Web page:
BY ROBERT CROZIER | JUNE 19, 2013 5:00 AM


The Iowa City City Council unanimously passed an ordinance Tuesday that prevents municipal officials from using automatic traffic-enforcement systems, license-plate-recognition systems, or drones for the next two years.

City staff members requested expedited action on the item’s second consideration after the city councilors unanimously approved the first consideration during a June 5 meeting.

The ordinance was passed without any discussion, and no members of the community stepped forward for public input.

The decision came after the group Stop Big Brother submitted a petition with more than 4,000 signatures requesting the ban. In a May 10 interview with the DI, City Clerk Marian Karr said she verified more than the 2,500 signatures required for the petition to be considered valid.

The City Charter requires City Council to promptly consider a measure on which a valid petition has been submitted; if the council doesn’t pass the measure, it must be submitted to the voters in a citywide election.

“We are very excited to have closure to this,” Stop Big Brother cofounder Aleksey Gurtovoy said, calling the meeting a formality.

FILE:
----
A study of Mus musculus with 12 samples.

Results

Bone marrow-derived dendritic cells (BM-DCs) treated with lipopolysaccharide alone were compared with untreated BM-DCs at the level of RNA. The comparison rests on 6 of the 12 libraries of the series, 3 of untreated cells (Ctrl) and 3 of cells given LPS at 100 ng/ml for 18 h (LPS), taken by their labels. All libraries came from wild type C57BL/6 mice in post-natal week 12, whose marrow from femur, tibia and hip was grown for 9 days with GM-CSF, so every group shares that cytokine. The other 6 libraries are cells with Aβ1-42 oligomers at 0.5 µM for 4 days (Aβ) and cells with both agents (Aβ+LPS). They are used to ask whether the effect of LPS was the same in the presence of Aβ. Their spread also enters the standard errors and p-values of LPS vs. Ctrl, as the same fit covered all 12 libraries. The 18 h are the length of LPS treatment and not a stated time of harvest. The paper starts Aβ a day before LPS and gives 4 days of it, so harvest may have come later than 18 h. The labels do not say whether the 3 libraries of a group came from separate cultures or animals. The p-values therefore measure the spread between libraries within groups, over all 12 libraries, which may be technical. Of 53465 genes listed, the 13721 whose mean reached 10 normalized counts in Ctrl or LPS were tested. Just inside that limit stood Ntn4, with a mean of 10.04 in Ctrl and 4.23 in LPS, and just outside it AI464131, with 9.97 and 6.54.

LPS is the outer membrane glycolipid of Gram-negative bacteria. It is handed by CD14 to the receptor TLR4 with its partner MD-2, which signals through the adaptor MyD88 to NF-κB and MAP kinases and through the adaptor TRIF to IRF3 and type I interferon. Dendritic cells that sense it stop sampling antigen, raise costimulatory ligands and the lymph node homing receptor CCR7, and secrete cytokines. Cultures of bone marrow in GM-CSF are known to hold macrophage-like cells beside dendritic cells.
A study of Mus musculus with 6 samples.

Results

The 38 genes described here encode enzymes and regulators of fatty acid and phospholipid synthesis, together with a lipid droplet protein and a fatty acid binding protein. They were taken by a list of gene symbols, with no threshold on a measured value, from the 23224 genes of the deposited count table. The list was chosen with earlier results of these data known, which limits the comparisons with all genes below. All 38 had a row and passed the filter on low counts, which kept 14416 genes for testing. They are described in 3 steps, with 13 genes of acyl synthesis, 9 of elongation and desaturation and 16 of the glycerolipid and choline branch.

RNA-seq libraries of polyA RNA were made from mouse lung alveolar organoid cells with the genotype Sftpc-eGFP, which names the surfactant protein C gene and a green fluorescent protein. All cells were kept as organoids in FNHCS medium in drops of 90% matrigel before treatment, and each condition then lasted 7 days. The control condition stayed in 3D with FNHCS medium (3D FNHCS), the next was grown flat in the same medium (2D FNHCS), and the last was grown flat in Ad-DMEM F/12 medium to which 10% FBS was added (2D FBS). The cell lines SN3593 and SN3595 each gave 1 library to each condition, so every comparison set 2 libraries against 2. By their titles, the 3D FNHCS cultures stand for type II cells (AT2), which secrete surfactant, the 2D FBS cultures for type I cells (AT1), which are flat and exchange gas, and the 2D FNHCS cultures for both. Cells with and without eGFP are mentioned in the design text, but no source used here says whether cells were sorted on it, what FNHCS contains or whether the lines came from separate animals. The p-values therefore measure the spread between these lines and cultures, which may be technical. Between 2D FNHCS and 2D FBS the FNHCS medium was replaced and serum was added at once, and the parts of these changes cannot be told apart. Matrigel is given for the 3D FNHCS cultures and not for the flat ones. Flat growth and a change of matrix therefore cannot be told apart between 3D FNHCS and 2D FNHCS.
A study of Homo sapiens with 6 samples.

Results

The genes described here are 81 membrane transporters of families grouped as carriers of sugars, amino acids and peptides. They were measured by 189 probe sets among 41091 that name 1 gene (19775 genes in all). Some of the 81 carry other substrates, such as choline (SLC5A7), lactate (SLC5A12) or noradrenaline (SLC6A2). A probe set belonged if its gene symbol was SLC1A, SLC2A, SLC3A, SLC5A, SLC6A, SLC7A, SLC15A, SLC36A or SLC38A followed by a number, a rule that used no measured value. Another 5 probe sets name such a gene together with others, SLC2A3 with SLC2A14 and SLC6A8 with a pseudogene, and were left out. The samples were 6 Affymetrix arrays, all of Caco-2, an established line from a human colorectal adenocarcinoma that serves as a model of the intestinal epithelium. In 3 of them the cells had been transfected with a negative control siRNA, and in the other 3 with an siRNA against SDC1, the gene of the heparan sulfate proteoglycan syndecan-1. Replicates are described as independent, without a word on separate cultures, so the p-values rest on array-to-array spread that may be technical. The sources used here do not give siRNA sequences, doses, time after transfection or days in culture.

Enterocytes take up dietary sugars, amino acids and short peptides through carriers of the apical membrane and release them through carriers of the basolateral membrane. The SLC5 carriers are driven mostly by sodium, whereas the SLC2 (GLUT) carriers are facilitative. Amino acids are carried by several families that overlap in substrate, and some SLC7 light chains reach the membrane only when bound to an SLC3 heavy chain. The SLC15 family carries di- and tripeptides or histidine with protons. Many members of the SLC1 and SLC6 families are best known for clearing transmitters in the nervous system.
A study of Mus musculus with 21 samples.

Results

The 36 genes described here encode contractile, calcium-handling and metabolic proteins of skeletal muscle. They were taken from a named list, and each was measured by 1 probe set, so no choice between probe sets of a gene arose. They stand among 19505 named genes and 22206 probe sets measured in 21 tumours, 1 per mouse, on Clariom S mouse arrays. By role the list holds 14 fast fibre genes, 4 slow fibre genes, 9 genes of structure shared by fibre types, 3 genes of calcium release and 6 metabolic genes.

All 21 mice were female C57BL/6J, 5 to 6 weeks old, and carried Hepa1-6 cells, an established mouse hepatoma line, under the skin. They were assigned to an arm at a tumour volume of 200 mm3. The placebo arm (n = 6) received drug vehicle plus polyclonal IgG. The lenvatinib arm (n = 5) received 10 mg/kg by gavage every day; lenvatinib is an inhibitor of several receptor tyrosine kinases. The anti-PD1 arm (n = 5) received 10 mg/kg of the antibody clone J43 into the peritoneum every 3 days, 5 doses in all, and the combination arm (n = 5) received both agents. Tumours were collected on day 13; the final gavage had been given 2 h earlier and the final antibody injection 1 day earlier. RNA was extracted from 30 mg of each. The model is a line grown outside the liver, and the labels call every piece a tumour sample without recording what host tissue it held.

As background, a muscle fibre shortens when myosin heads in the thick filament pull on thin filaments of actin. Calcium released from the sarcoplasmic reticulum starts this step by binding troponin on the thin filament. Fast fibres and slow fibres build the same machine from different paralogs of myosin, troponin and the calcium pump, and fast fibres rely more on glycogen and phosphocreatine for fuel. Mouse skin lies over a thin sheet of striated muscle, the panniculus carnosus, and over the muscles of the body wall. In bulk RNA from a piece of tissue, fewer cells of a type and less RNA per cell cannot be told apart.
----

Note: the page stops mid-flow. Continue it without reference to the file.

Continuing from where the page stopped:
While he was at the meeting, Gurtovoy said, the measure’s supporters elected not to speak during the public-input session because their thoughts were made known during a previous session.

Nonetheless, he said, he would have liked to see the measure go to a public ballot.

“If it goes to the ballot … and the majority of Iowa City supports the ban, then two years down the road, if it get’s brought up, they would think twice before deciding to scrap it,” he said.

In a May 10 interview with the DI, City Attorney Eleanor Dilkes said the current intersections in which the technology would have been used are under the supervision of the state.

For Johnson County Sheriff Lonny Pulkrabek, Tuesday evening’s decision had little effect on his agency.

“If suddenly I had a drone for the Sheriff’s Office, and I had some sort of operation, and I was doing it in Iowa City, I don't know that [City Council] would have that authority to prevent the county government from using drones,” he said. “This is all hypothetical, of course … I don’t anticipate that happening. The Sheriff’s Office doesn’t have a drone. We don’t plan on buying a drone. I’ve never heard of any law-enforcement agency in this area ever talking about buying a drone.”

And despite the victory Tuesday, Gurtovoy said, the Stop Big Brother may mull the future uses of other drones.

“Our mission at large is to curtail the spread of the surveillance state, but right now we are focusing on video surveillance specifically, because that’s where we see the most aggressive advances locally,” he said.